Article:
Intellectual Property, Human Rights and Competition

Intellectual Property, Human Rights and Competition

Access to Essential Innovation and Technology

Abbe E.L. Brown

This detailed book explores the relationship between intellectual property, competition and human rights. It considers the extent to which they can and must be combined by decision makers, and how this approach can foster innovation in key areas for society – such as pharmaceutical drugs, communications software and technology to combat climate change.

Chapter 4: An existing solution? The judicial and regulatory interface between the three fields

Abbe E.L. Brown

Subjects: development studies, law and development, law - academic, competition and antitrust law, human rights, intellectual property law, law and development, politics and public policy, human rights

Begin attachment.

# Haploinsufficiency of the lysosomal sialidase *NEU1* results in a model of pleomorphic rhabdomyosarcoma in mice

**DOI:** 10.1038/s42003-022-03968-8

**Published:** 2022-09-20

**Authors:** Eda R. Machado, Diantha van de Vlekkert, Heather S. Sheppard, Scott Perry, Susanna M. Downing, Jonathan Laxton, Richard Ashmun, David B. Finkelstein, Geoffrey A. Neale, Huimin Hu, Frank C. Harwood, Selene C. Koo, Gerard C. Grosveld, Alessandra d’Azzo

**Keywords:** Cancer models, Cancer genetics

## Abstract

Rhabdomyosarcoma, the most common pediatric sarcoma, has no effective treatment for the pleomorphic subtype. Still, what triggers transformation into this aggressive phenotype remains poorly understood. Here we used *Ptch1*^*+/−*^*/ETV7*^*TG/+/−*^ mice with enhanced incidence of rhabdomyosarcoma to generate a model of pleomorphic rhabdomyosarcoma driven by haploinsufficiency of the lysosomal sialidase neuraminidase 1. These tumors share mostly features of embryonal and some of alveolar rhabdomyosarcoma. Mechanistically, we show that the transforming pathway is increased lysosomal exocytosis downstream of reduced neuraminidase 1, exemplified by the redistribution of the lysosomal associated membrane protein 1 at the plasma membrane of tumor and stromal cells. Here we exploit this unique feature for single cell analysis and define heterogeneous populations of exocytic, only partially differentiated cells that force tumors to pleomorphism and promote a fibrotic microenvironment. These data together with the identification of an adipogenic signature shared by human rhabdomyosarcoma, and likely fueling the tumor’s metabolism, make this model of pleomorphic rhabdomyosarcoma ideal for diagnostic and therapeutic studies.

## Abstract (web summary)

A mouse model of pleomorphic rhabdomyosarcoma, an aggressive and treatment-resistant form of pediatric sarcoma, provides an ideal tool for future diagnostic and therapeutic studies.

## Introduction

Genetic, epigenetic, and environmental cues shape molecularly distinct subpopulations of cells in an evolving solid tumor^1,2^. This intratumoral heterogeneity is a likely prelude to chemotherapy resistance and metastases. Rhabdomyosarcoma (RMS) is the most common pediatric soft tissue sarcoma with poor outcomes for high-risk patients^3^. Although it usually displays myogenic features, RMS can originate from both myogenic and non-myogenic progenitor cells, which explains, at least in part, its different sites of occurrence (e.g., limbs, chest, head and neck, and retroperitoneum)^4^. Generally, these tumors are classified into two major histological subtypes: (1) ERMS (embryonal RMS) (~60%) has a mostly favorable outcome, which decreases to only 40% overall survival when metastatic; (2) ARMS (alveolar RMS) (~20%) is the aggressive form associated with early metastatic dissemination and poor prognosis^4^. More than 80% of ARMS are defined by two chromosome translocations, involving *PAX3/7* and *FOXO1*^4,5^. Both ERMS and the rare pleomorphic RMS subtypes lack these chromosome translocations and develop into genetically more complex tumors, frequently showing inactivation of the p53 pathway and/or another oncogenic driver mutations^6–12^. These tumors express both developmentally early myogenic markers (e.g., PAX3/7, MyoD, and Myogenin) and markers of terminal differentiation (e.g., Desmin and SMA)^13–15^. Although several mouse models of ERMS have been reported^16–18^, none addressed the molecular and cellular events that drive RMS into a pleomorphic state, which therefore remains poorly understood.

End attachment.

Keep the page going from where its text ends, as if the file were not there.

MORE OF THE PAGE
There are decisions, in a range of jurisdictions, which explore the relation- ship between IP and human rights and between IP and competition. Firstly, human rights decisions will be explored, with these being split into two groups – those where human rights have led to a decision being reached which differed from that suggested by IP law alone, and those where it did not.1 Then decisions relating to refusal to license IP will be explored, followed by an introduction to the essential facilities doctrine, discussion of Euro-Defence decisions and finally of regulatory enquiries. The first prominent acknowledgement of the place of human rights in IP actions in England came in the decision in 2002 of Pumfrey J in Levi Strauss & Co v Tesco Stores Ltd. This case involved the importing of jeans bearing Levi’s trade marks, which had previously been put on the market outside the European Economic Area (EEA), without the trade mark owner’s consent to them being put on the market in the EEA. This is the complex field of parallel importing and involves the relationship between IP and free movement of goods and IP and competition, which was introduced in Chapter 3. Notwithstanding a developed body of case law suggesting that Tesco’s conduct constituted trade mark infringement, Tesco argued that the court should interpret the relevant UK and, as it was then, EC trade mark legislation as it related to free movement of goods, such that there was no infringement.